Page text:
In part one, I went through my mother Dora Baker’s early years, and her background. In this part, I’d like to talk about Dora’s war years, her marriage, and leaving Ladbroke.
At the age of 14, much to her bitter disappointment Dora Baker had to leave school and go into ‘service’ at the big house. 2/6d was mentioned [whether monthly or yearly I don’t know] and one Sunday in four, she was allowed to go back home for the day. This work consisted of being a ‘tweeny’, a maid of all work whose chief duty was scrubbing and lighting fires in all occupied bedrooms at 4.30am.
For reasons I don’t know and neither did she, when her younger sisters came to that age they were sent to college in Leamington Spa (I think). This caused social rifts with her siblings and she was ostracised by them for being a ‘skivvy’. Come 1916, she escaped the drudgery of being ‘in service’ and went into the munitions factories far from her home village. She would tell me what an isolating miserable time it was for her, a young teen age girl far removed from her family.
Things improved dramatically when she left the factory and joined the Women’s Army Auxiliary Corps (WAAC), where her natural aptitude for figures found her placed in the pay corps. For the first time she was amongst friends, had a job she was more than capable of holding down, and celebrated the end of World War One in Edinburgh (where she was stationed) waving a flag on a tram with hundreds of others.
It was here she met my Father (a cockney) stationed in Scapa Flow; she had known him only a short time when she got the call to return to Ladbroke to nurse her dying mother. He followed her, to her annoyance, and more or less made it necessary socially to marry him once her mother died. Young men did not travel across the country and enter an almost closed village community if there was no intent afoot.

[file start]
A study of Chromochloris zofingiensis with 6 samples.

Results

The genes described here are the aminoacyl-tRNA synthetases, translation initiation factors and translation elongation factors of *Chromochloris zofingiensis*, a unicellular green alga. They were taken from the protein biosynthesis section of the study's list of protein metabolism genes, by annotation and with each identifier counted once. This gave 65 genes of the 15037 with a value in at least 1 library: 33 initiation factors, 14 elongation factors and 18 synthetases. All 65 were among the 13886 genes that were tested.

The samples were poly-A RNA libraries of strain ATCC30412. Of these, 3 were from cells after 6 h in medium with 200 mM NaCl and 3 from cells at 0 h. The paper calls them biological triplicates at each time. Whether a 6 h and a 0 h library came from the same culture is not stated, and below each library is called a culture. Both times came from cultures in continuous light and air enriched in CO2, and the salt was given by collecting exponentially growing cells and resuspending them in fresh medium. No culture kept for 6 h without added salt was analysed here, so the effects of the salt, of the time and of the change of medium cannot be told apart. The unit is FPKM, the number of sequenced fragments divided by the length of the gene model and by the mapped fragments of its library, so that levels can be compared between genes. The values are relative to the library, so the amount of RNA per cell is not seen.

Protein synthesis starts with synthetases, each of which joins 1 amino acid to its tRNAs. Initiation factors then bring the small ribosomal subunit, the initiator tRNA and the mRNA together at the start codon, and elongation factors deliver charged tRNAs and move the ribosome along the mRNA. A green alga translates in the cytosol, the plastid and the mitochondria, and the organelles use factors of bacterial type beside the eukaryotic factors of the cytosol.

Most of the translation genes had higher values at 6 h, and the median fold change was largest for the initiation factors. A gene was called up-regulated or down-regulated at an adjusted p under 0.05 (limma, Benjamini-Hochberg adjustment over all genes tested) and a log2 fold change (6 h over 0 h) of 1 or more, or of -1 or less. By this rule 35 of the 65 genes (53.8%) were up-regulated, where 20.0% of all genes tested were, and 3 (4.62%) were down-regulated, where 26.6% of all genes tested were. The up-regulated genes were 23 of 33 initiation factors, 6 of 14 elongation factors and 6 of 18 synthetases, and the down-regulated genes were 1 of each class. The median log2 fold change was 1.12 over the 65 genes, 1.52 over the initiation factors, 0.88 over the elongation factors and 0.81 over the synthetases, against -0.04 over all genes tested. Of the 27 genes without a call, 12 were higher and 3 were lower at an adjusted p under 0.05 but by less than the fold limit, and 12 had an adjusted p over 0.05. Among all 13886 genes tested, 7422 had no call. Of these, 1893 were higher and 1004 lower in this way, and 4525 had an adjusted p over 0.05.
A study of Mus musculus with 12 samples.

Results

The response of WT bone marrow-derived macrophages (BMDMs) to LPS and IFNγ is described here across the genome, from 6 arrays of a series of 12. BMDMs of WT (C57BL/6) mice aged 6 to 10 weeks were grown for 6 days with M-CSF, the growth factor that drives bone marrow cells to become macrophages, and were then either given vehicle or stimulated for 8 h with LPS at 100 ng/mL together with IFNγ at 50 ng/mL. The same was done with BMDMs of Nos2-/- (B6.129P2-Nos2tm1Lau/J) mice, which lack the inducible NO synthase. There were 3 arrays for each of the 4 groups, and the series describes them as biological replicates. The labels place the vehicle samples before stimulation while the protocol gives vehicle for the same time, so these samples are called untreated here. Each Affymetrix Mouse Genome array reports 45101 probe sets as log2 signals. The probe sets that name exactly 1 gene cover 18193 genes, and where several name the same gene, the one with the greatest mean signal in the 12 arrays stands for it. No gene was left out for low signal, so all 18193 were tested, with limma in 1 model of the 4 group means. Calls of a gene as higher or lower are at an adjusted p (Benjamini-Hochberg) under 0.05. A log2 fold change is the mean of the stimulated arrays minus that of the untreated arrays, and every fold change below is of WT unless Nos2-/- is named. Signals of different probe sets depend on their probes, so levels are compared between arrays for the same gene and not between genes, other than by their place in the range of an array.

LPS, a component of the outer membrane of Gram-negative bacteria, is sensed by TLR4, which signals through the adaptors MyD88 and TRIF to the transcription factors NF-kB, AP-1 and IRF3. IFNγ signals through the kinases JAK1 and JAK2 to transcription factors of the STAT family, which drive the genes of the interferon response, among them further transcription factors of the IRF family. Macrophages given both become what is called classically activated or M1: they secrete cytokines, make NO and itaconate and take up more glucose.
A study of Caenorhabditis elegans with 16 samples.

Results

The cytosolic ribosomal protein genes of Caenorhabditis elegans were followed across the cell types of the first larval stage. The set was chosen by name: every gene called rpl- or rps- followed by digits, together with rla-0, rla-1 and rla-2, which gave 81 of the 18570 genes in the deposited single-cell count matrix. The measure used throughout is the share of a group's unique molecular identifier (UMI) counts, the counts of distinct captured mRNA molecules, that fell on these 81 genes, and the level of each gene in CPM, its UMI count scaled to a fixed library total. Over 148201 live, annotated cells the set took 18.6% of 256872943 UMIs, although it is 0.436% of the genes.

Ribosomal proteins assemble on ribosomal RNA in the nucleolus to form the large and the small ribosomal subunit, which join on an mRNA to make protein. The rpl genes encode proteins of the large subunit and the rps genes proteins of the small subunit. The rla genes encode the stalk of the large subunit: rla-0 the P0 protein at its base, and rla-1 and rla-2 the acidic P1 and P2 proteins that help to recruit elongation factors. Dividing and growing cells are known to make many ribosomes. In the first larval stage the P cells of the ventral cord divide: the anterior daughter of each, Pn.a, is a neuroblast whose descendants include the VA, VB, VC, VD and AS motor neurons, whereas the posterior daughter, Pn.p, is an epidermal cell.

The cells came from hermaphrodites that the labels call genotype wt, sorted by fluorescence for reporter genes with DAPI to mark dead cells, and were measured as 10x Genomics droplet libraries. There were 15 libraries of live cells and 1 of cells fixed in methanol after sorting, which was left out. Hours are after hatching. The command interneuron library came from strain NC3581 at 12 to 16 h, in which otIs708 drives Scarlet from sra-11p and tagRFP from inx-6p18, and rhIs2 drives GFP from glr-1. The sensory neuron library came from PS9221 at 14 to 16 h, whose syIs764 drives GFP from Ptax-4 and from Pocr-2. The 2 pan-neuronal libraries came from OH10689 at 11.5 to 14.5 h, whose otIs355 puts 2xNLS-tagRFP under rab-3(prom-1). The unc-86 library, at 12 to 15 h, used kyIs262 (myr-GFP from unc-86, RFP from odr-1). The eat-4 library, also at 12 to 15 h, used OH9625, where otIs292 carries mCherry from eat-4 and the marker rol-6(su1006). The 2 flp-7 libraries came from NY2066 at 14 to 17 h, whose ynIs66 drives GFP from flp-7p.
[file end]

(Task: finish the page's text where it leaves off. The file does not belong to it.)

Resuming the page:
Well, according to the Aunts, who were supporting the two sisters it was, in a world without young men, her best chance of securing a future.
Leaving Ladbroke for East London
So it was done and she left the countryside for East London where she was deeply unhappy, being, as they say – a fish out of water. Then came the depression, three children, a second world war, and being completely ‘bombed out’ in the London Blitz. She was a survivor but not without a huge toll being taken from her.
I am sure she would love your Ladbroke of today, as indeed I would – it just sounds so nice. And I am really relieved you never got to have that high speed train track hurtling above you – when I saw sometime ago – a newspaper image, captioned Doomsday village under threat – I recognised it immediately.
I have personally enjoyed writing it all down as a homage to a brave woman.
Jo Lowrie has also contributed a number of images of Ladbroke, that can be seen in the photos section of this website. Do stop by and take a look!